I spent some time in Scotland a few years ago. The local controversy at the time was why listeners never hear a range of UK accents on the British Broadcasting Network (BBC). The entire UK is composed of people from England, Scotland, and Wales, with all their regional and local accents, yet, the debate went, listeners of BBC Radio and watchers of BBC news only heard the upper crust royal accent, which is certainly not reflective of the patchwork of people that make up a proud and diverse country.
My maternal grandparents were from Yorkshire, England, and I loved their accent, so gentle and broad, especially when singing me a lullaby or telling me a story. My fraternal grandparents were Italian, which is a musical language to begin with. Even when they argued it sounded nice. Growing up in Rhode Island meant that you sounded like a New York Brooklynite, except more harshly nasal. You really can tell a Rhode Islander when you hear one. When I got to college in central Maine, I felt too regionally identifiable so I worked at rubbing the edges off the worst of my RI accent.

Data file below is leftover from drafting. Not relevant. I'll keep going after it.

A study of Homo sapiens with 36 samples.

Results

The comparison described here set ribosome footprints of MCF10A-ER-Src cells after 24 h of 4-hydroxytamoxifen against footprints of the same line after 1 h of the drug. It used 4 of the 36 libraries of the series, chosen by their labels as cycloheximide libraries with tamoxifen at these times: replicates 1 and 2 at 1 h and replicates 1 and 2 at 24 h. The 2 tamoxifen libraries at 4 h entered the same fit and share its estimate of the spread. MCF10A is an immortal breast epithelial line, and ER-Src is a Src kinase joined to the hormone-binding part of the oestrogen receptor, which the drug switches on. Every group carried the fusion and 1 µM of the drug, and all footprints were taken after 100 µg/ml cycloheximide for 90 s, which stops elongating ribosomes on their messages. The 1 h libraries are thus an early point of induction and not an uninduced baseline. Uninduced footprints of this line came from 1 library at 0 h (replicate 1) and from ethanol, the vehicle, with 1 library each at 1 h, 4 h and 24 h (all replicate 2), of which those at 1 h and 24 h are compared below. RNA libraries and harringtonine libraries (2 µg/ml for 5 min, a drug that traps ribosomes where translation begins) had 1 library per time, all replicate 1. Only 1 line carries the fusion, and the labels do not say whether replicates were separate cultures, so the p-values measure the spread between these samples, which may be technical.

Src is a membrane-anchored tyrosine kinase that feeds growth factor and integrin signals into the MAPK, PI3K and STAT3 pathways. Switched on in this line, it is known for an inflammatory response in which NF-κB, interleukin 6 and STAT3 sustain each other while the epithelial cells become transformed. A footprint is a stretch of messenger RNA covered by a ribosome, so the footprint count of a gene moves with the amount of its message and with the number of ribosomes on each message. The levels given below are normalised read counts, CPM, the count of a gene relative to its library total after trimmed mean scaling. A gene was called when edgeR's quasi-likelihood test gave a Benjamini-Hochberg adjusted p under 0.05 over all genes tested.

Moving to Georgia from New England the first thing I noticed was the accent. I’ve been here a few months now and I’ve begun to pick up local differences. I think the Georgia accent is melodious. A local mechanic shop has on their parking lot bulletin board, “Stop in for tars,” a humorous acknowledgement of how people from North Georgia sound.
My thought process about accents came to coalescence when I was watching the movie “Facing the Giants” this weekend. Halfway through I noticed the main characters all had genuine Georgia accents. Then I thought about how we don’t hear accents in the media or movies here in the US either. If you do hear one, it’s faked, helped along with a hired voice coach, the accent dispensed with as soon as the movie’s done. Even the Atlanta newscasters sound like they could be from anywhere but here.
I think we are a diverse and proud country, as well, and we need to hear ourselves as ourselves. Hearing and seeing ourselves reflected as we are confirms differences but affirms worth. Who made the rule that we must only hear the Midwest accent and that no others are worthy of reaching the light of day? How harmful is vocal homogenization? Now I’m sorry I tried to homogenize myself by diminishing my RI accent. Though I’m sure my southern friends will tell me there’s plenty Yankee left in my voice! I think I’ll git me some tars and drink cawfee while I wait. Ayuh.